In a world often bustling with the noise of daily life, there exists a silent epidemic that claims far too many lives each year – suicide. In the past 20 years, there has been a 32% increase in the rate of suicide deaths in the United States with more than 41,000 recorded deaths by suicide in 2021.
Suicide is a global concern, affecting individuals of all ages, races and backgrounds. It’s an issue that demands our attention, empathy and action. Suicide prevention and awareness are crucial steps toward reducing the tragic toll it takes on individuals, families and communities.
Across the U.S., September is set aside as National Suicide Prevention Month, an annual observance dedicated to raising awareness about suicide, its prevention and the importance of mental health.
“National Suicide Prevention Month is a great opportunity for us at AltaPointe Health to help educate the public about the warning signs of suicide, provide information about available resources and promote open conversations about mental health and suicide prevention,” explained Ashley Blount, a licensed marriage and family therapist (LMFT) with AltaPointe Health. “Our mental and emotional health is just as important as our physical health for our overall well-being and ability to function in our daily lives.”
Understanding the Crisis
The first step in suicide prevention is understanding the factors that contribute to this crisis. Mental health struggles; such as depression, anxiety and substance abuse; often play a significant role. Isolation, loneliness and the feeling of being a burden can exacerbate these struggles.
“And when the pandemic hit, all of these risk factors only increased. When the spread of COVID-19 reached our community here in Washington County, we began to see an increase in the number of individuals coming in for mental health assessments,” explained Blount. “Seeing sickness and loss, both on a local and larger scale, can be frightening. Many of our patients experienced an increase in anxiety, fearfulness, sadness, grief, as well as isolation.”
Another major contributor to the current crisis is that societal stigma around mental health can deter people from seeking help when they need it most. Research found that 3 out of 4 persons who died by suicide between 2003 and 2018 were not in treatment for a mental health or substance use disorder at the time of their death, and 2 out 3 had never received any treatment.
Breaking the Silence
One of the most important aspects of suicide prevention is encouraging open conversations about mental health. People should feel safe discussing their feelings and seeking support.
“One way that you can start a conversation about mental health is by simply checking in with your family members, friends, coworkers, and neighbors. Ask them how they are doing in their everyday lives,” said Blount. “If they seem to be struggling emotionally, you can remind them that they are not alone and that there are resources available to help support them in their time of need.”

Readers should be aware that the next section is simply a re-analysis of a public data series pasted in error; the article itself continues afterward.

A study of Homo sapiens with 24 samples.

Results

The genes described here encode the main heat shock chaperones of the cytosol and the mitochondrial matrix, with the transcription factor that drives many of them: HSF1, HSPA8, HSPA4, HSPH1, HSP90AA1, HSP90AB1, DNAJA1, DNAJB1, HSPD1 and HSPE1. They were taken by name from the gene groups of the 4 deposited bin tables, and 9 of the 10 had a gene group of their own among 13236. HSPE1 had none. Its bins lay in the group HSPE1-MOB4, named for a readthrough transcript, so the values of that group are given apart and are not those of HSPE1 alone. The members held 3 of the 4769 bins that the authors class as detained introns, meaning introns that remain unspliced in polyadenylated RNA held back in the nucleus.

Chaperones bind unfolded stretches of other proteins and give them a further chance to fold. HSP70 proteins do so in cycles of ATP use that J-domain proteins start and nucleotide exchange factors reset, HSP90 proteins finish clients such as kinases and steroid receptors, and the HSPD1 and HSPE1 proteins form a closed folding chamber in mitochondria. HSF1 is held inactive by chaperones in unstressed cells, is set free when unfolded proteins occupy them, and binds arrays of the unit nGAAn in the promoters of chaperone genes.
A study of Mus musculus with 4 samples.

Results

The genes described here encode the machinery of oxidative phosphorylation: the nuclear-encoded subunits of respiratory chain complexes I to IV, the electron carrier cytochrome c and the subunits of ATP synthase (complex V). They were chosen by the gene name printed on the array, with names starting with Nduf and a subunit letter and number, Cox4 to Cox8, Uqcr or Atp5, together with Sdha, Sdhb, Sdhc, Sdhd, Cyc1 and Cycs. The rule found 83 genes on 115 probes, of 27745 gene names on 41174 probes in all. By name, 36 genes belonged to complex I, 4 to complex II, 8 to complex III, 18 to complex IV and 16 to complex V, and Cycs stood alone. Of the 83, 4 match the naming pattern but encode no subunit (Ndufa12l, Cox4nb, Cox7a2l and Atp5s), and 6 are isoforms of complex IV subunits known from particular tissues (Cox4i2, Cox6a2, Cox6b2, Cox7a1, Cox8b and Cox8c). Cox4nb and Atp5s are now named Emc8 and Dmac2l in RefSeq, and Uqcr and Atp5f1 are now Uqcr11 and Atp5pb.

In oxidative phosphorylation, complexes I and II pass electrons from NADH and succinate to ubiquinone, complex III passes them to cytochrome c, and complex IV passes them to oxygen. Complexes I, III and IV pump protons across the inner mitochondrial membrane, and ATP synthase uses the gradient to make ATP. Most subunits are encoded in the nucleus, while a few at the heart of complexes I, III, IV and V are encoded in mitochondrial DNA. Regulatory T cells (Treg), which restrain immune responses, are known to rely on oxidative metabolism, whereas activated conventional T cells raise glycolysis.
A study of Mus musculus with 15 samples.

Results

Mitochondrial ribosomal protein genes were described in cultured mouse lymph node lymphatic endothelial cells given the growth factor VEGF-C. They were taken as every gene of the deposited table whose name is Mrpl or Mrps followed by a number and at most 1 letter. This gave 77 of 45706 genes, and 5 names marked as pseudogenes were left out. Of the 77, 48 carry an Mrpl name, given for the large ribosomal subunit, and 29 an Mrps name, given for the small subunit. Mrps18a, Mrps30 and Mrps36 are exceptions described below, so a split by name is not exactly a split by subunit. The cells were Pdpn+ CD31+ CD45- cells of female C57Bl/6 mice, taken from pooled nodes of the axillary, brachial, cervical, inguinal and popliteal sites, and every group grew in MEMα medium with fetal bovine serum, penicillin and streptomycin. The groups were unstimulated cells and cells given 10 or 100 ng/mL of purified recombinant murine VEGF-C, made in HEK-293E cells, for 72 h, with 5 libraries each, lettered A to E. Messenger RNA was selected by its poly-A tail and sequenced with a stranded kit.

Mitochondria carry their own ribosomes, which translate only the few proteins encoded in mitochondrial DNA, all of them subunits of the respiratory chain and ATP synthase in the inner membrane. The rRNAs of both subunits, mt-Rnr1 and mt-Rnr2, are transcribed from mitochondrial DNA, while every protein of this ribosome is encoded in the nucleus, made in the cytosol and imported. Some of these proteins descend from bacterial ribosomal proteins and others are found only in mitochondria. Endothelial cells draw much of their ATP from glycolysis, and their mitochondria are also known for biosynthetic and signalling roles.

By talking regularly about emotions and feelings helps to destigmatize mental health issues, we can make it easier for individuals to seek help before their problems escalate to a crisis point.
Spotting the Warning Signs
Awareness of the warning signs of suicidal ideation is another crucial aspect of prevention. Some common signs include talking about wanting to die, feeling hopeless or trapped, increased substance use, withdrawing from friends and family, and giving away possessions. Recognizing these signs and taking them seriously can make a life-saving difference.
“We cannot ignore the warning signs and symptoms associated with suicidal ideation when we recognize them in our own lives or the life of someone else. One simple conversation about how they may be feeling, a kind word of encouragement, or an offer to help them reach out for treatment in their time of struggle may be the very thing that helps them realize their worth and know that their life matters,” added Blount.
If you or someone you know is struggling with suicidal thoughts, it is essential to seek help immediately. One of the easiest ways to do that is by dialing 988. The 988 Suicide and Crisis Lifeline provides 24/7, free and confidential support for people in distress and their loved ones.
“It’s okay to ask for help. Realizing our own needs and limitations is actually a strength, and having the courage to reach out to others is one of the first steps in recovery and finding the solutions we are looking for,” explained Blount. “Everyone was created for a purpose. Every life has value and great worth, even if you don’t believe that right now. We live in a world full of people, and we all carry burdens or experience stressful situations that may require us to seek help beyond our everyday social circle of influence. As a professional working in the mental health field, I want people to realize that partnering with them to help them realize their worth and getting to know their story is one of my greatest passions and something I am honored to take part in.”
AltaPointe Health is an extensive mental healthcare system that serves Coosa County, as well as six other counties in Alabama. AltaPointe offers counseling and psychiatric services for adults, families and children. It also offers community-based services like school-based therapy and the Stepping Up Initiative with the legal system. AltaPointe’s access to care team can help an individual find the right program to fit their needs by calling 251-450-2211.